Autistic Book Party, Episode 58: The Trans Space Octopus Congregation

Today’s Book: “The Trans Space Octopus Congregation,” a short story collection by Bogi Takács.

Autistic Character(s): The author, among others!

This is a generally excellent collection. As is often the case with a single-author collection from an author I know, many of the stories were not new to me, and they won’t be new to long-time Autistic Book Party readers either (see the Reviews Index). Much of the joy of such a collection is in seeing the stories arranged next to each other, seeing more strongly how themes recur and patterns emerge.

“The Trans Space Octopus Congregation” ranges from historical fantasy to modern-day political allegories to far-future space opera, but there is a remarkable unity to the themes throughout. The writing is accessible and clear, but there is a very strong Bogi Takács aesthetic, which is hard to describe until you’ve seen it. It’s to do with powerful magic-users at risk from those who want to abuse them as weapons; matter-of-fact acceptance of states which in another author’s hands would be body horror; sensory seeking; Jewish mysticism; and non-sexual BDSM. Eir worlds are diverse and complex, with multiple cultures mingling and clashing, even within very short works. When political and other large organizations enter the stories, it’s with a wry awareness of those organizations’ flaws, ranging from the well-meaning but inefficient to the horrific; but it’s never without a sense of hope, if only in the sense of ordinary people making the effort to help each other. Those octopi from the title also appear here and there (though, sadly, not in the exact manner the title implies; there is no literal religious congregation of transgender space octopi).

The word “autism” is never used, but non-neurotypical characters abound in this book. The Ereni – citizens of a magical planet of autistic people – appear in several stories, though their universe is large, and they are mainly seen in minor roles here, through the eyes of other sorts of people. In works set elsewhere, characters stim, perseverate, have motor coordination issues, and generally behave in such a way that it’s easy to read autism in if you want to. Queer and trans characters also abound, as the title implies, often in the form of casual but clearly spelled-out nonbinary rep.

I’m not sure I have much else to say about Bogi’s writing that I haven’t already said in prior reviews, but “The Trans Space Octopus Congregation” showcases the author at eir best. If you’re a fan of the writing of eirs that you’ve seen online, you should definitely check this one out.

The Verdict: Recommended

Disclosure: Bogi Takács is someone I consider a personal friend. I received a free electronic review copy of this book.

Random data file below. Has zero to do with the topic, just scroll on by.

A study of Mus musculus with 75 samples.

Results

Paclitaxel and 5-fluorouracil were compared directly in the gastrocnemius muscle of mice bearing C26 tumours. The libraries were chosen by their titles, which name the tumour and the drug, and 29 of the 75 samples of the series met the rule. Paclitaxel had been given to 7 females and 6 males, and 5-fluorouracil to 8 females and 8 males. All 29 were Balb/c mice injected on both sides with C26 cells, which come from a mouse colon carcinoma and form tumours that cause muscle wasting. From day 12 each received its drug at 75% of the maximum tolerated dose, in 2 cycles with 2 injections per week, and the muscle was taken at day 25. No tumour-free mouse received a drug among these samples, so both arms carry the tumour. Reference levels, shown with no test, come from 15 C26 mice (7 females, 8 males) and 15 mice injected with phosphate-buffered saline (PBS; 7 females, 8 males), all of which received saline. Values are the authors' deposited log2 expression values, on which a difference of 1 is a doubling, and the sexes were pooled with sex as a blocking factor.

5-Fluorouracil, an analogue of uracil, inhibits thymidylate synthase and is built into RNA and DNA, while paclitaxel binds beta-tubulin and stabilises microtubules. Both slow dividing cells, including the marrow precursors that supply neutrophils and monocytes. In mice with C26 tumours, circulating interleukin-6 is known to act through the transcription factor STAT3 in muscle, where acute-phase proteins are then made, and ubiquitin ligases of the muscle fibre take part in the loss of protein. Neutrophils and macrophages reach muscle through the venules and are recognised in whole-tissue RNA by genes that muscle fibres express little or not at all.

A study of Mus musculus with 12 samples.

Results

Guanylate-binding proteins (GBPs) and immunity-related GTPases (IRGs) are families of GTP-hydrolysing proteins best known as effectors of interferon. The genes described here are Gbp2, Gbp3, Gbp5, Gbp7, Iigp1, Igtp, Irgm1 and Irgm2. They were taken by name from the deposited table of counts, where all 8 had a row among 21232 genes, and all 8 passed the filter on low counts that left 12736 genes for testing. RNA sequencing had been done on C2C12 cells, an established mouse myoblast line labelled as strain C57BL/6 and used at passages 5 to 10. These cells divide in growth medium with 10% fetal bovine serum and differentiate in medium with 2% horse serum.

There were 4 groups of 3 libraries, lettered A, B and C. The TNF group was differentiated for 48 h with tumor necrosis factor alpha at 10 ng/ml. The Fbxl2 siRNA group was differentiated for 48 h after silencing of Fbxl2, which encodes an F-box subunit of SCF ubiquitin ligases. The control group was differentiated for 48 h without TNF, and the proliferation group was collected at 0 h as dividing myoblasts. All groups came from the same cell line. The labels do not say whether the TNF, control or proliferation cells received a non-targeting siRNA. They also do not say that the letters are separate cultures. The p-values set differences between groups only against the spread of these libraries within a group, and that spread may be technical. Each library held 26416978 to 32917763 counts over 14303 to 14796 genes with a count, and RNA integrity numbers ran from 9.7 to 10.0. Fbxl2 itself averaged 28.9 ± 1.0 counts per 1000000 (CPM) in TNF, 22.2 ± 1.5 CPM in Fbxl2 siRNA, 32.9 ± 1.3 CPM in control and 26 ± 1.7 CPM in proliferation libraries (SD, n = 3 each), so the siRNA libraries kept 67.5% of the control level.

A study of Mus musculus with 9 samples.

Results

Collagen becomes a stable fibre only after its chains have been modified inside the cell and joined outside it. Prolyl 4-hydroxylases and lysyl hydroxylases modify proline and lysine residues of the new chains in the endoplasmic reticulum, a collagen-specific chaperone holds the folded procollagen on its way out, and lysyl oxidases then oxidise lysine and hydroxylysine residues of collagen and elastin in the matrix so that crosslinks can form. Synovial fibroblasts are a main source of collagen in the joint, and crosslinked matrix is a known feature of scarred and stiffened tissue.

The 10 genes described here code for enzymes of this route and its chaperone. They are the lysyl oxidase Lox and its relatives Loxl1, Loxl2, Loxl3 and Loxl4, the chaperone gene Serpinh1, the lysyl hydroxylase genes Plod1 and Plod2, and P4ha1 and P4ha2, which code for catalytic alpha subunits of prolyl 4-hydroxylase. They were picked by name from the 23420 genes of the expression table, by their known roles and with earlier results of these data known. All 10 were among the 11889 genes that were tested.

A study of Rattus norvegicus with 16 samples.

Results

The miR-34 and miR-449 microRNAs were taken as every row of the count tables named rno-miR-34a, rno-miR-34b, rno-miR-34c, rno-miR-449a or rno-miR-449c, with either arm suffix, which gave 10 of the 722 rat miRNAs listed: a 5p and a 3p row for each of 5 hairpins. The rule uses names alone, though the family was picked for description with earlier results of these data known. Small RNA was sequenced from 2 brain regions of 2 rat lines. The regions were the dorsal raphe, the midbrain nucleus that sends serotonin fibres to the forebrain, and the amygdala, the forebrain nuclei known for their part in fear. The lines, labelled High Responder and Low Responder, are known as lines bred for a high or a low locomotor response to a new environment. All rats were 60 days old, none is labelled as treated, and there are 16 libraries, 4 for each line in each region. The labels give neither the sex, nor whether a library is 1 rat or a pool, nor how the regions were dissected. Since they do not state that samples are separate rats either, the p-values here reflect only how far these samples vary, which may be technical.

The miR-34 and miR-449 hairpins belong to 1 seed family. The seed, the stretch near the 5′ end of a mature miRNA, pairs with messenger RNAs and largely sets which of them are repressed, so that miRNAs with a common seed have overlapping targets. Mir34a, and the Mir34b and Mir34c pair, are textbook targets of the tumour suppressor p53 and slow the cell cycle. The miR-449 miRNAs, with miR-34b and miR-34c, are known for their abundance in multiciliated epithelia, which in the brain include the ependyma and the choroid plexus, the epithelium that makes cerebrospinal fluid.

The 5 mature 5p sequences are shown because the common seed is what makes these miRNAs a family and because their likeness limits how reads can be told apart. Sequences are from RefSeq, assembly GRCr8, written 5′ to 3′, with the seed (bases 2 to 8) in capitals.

If Autistic Book Party is valuable to you, consider becoming a backer; for as little as $1, you can help choose the next autistic book.

For a list of past/future/possible Autistic Book Party books, click here.

Cool Story, Bro: Favorite Stuff I Read In September and October

Carmen Lucia Alvarado, “Astronaut Poets” (Samovar, September 2)

I’m often hesitant about “all X are like Y” statements, which is how this poem begins, but I wanted to be an astronaut when I was little and I feel seen.

*

Sarah Gailey, “Away With the Wolves” (Disabled People Destroy Fantasy!)

This is a werewolf tale that quickly and quietly goes elsewhere than expected. Suss is a chronically ill girl who can change into a wolf when she wishes to; wolf form is the only time she isn’t in pain. Her wolf self isn’t overly violent, but she doesn’t always remember or control what she does, and the people around her are quick to blame her when wolf-related things go wrong. What I love about this, besides the disability representation, is that Suss’s arc isn’t about repressing or embracing a vicious animalistic side. Instead it’s about agency, belonging, and finding ways to give back to her community as her whole self.

*

S.L. Huang, “As The Last I May Know” (Tor.com, October 23)

Huang takes what could have been an arid, trolley-problem-style thought experiment – would people in power be less likely to give certain kinds of orders in war, even in self-defense, if they had to viscerally experience those orders’ human cost? – and fills it with heart and feeling. This is the kind of story where there are no easy answers, just all-too-human characters whose lives and needs are all too real, even as they come into conflict in seemingly impossible ways. It’ll stick with you.

*

Cynthia So, “If Love Is Real, So Are Fairies” (Uncanny, Issue Twenty-Nine)

A poem full of sweetness and longing and hope. The feeling of having an imaginary fairy to link you to someone, as the poem describes, is relatable to me.

*

Ali Trotta, “Three of Swords, King of Cups” (Fireside, July)

A poem about love, rebirth, and honoring oneself even in pain. I really love the metaphor in this one.